Yebes Observatory 40-m Telescope
CALL FOR PROPOSALS
The Yebes Observatory calls for participation in open-time observations for the first half of 2019 (February 1st - July 31st, 2019).
Proposal submission: from November 12th (0h, CET) to December 9th (23h59m, CET), 2018.
Available instrumentation: C-band (6.6 GHz), K-band (21-25 GHz), and Q-band (41-49 GHz). Observations in K- and Q-bands can be performed simultaneously covering an instantaneous bandwidth of 9 GHz in Q band and 2.5 GHz in K band with 38 kHz of spectral resolution. C-band observations are limited to an instantaneous bandwidth of 500 or 100 MHz (30 or 6.1 kHz of spectral resolution) centered in 6.6 GHz.
As part of the technical developments pushed by the ERC-Nanocosmos project (ERC-2013-Syg-610256-NANOCOSMOS), we plan to expand up to 18 GHz the instantaneous bandwidth in Q band. We expect that this improvement will be available since February 1st 2019.
Note.- Only spectral observations. Continuum observations are only available for pointing and focus.
The staff of the Yebes Observatory and the OAN will be able to assist in the elaboration of the proposals and realization of the observations, according to each individual case.
Further details – Proposal submission.
by C. Albo
by C. Albo
by C. Albo
by C. Albo
by J.R. Pardo
by J.R. Pardo
by M. Santander
by M. Santander
by P. de Vicente
by P. de Vicente
by P. de Vicente
by P. de Vicente
The Yebes Observatory 40m radiotelescope
The Yebes 40m radiotelescope is located in Yebes Observatory (Yebes area, Guadalajara, Spain) at an altitude of about 1000 m. This is one of the facilities developed by the Spanish National Geographic Institute (IGN, Ministerio de Fomento).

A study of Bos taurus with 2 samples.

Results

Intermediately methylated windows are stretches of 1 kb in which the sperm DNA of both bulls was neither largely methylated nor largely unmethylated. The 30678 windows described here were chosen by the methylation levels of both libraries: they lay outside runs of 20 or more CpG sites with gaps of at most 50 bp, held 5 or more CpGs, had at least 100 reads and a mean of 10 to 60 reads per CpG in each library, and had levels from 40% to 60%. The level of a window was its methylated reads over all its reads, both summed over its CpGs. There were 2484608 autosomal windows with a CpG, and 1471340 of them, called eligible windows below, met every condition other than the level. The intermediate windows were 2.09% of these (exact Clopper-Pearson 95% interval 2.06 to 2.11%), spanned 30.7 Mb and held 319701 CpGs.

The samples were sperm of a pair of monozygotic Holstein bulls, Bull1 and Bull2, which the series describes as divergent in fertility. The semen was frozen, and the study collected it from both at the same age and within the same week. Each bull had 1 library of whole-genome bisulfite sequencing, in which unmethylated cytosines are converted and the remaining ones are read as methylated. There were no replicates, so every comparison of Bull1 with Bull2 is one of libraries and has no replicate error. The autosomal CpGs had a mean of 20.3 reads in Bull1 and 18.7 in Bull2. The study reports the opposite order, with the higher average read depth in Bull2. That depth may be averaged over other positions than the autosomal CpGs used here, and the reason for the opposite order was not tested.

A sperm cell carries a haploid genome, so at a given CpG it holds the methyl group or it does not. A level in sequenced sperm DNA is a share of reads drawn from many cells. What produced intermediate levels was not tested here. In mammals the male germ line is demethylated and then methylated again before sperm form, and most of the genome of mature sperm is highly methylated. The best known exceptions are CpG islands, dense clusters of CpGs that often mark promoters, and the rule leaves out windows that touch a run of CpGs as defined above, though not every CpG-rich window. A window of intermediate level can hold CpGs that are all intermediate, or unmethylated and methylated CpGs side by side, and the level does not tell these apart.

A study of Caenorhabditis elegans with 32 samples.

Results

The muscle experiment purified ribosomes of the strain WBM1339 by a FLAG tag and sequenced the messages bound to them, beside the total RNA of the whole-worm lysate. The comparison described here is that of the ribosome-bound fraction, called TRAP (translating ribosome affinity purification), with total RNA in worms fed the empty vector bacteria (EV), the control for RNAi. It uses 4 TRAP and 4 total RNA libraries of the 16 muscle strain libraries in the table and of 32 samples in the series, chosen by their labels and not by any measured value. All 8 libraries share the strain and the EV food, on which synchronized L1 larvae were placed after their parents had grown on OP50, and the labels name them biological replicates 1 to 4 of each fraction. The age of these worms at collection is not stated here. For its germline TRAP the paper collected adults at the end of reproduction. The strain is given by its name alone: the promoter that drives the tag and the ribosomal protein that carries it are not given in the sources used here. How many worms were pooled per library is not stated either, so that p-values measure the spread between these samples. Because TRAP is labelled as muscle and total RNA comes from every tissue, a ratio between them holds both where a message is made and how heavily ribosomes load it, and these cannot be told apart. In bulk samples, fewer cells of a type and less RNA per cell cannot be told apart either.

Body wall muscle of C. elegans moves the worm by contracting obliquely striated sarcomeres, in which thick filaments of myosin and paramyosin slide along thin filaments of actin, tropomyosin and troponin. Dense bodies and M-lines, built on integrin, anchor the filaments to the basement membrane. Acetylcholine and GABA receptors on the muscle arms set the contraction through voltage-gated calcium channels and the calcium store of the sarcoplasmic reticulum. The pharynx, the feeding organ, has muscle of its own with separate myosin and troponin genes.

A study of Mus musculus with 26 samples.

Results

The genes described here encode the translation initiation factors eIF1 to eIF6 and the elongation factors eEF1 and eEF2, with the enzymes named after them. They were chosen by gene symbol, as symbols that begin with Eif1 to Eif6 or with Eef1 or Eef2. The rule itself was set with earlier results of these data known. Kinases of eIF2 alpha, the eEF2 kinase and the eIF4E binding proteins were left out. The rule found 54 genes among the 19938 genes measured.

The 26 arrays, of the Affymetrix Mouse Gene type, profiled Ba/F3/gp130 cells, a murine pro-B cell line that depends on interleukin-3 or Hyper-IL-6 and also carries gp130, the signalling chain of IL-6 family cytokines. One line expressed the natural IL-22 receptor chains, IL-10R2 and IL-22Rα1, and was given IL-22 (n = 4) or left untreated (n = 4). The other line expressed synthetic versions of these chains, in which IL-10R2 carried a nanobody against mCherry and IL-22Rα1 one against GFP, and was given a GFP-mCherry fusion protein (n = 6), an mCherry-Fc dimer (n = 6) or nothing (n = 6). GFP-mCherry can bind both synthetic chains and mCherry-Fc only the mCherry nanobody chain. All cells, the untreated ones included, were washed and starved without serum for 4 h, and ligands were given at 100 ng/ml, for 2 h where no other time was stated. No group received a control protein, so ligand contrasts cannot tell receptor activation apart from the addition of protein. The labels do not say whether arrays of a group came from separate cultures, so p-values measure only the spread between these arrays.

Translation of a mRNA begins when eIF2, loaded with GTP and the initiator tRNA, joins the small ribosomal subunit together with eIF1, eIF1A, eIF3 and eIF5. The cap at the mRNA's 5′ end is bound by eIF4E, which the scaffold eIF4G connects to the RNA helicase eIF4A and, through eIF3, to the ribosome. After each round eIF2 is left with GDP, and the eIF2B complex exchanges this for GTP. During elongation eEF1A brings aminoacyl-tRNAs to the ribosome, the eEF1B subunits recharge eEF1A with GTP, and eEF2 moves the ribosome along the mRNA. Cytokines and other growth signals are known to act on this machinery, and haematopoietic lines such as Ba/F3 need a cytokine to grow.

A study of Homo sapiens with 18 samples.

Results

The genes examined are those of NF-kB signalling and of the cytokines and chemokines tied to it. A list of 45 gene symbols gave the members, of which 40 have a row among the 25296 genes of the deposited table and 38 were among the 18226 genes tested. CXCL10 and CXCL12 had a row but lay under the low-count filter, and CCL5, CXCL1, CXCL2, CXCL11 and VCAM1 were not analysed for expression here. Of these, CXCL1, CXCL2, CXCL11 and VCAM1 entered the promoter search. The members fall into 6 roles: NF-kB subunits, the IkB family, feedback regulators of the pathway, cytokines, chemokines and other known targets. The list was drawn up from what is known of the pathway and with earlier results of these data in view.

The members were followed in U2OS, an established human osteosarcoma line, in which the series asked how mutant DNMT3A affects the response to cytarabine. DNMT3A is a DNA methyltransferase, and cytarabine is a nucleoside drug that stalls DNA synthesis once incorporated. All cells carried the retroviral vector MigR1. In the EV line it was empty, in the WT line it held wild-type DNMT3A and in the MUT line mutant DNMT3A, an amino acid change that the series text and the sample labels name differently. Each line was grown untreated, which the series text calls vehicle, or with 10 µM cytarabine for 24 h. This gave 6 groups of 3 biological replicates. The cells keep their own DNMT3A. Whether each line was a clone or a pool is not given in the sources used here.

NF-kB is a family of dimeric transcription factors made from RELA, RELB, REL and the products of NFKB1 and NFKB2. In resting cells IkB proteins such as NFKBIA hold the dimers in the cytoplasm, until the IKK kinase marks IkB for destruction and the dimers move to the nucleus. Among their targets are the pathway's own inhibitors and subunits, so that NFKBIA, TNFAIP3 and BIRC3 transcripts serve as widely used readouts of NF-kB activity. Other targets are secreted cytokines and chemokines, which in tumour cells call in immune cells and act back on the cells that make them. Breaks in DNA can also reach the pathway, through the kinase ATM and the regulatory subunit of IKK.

The telescope is a Nasmyth-Cassegrain single dish antenna of 40 m. The instrument is equipped with receivers in bands from 2 to 100 GHz, and appropiate backends (Fast Fourier Transform Spectrometers for spectral line observations). The precipitable water vapour level is less than 6 mm and reaches a minimum of 2 mm in the winter.
The 40-m radio telescope runs since 2008 as a member of the networks of Very Long Baseline Interferometry (VLBI) studies for astronomy (EVN, GMVA, RadioAstron) and geodesy (IVS).
Recently, the telescope has been optimized to operate as a single-dish facility for astronomical observations of cosmic sources. These observations allow the study of colder regions of our galaxy such as star forming regions and circumstellar envelopes, through measuring the emission of molecular gas and dust, and of environments affected by the stellar radiation (HII regions) through the observation of Hydrogen and Helium radio recombination lines. The operating wavelengths of the telescope complement those of the most sensitive single-dish telescopes such as the IRAM 30m and APEX and the most powerful interferometers ALMA, NOEMA, and SKA.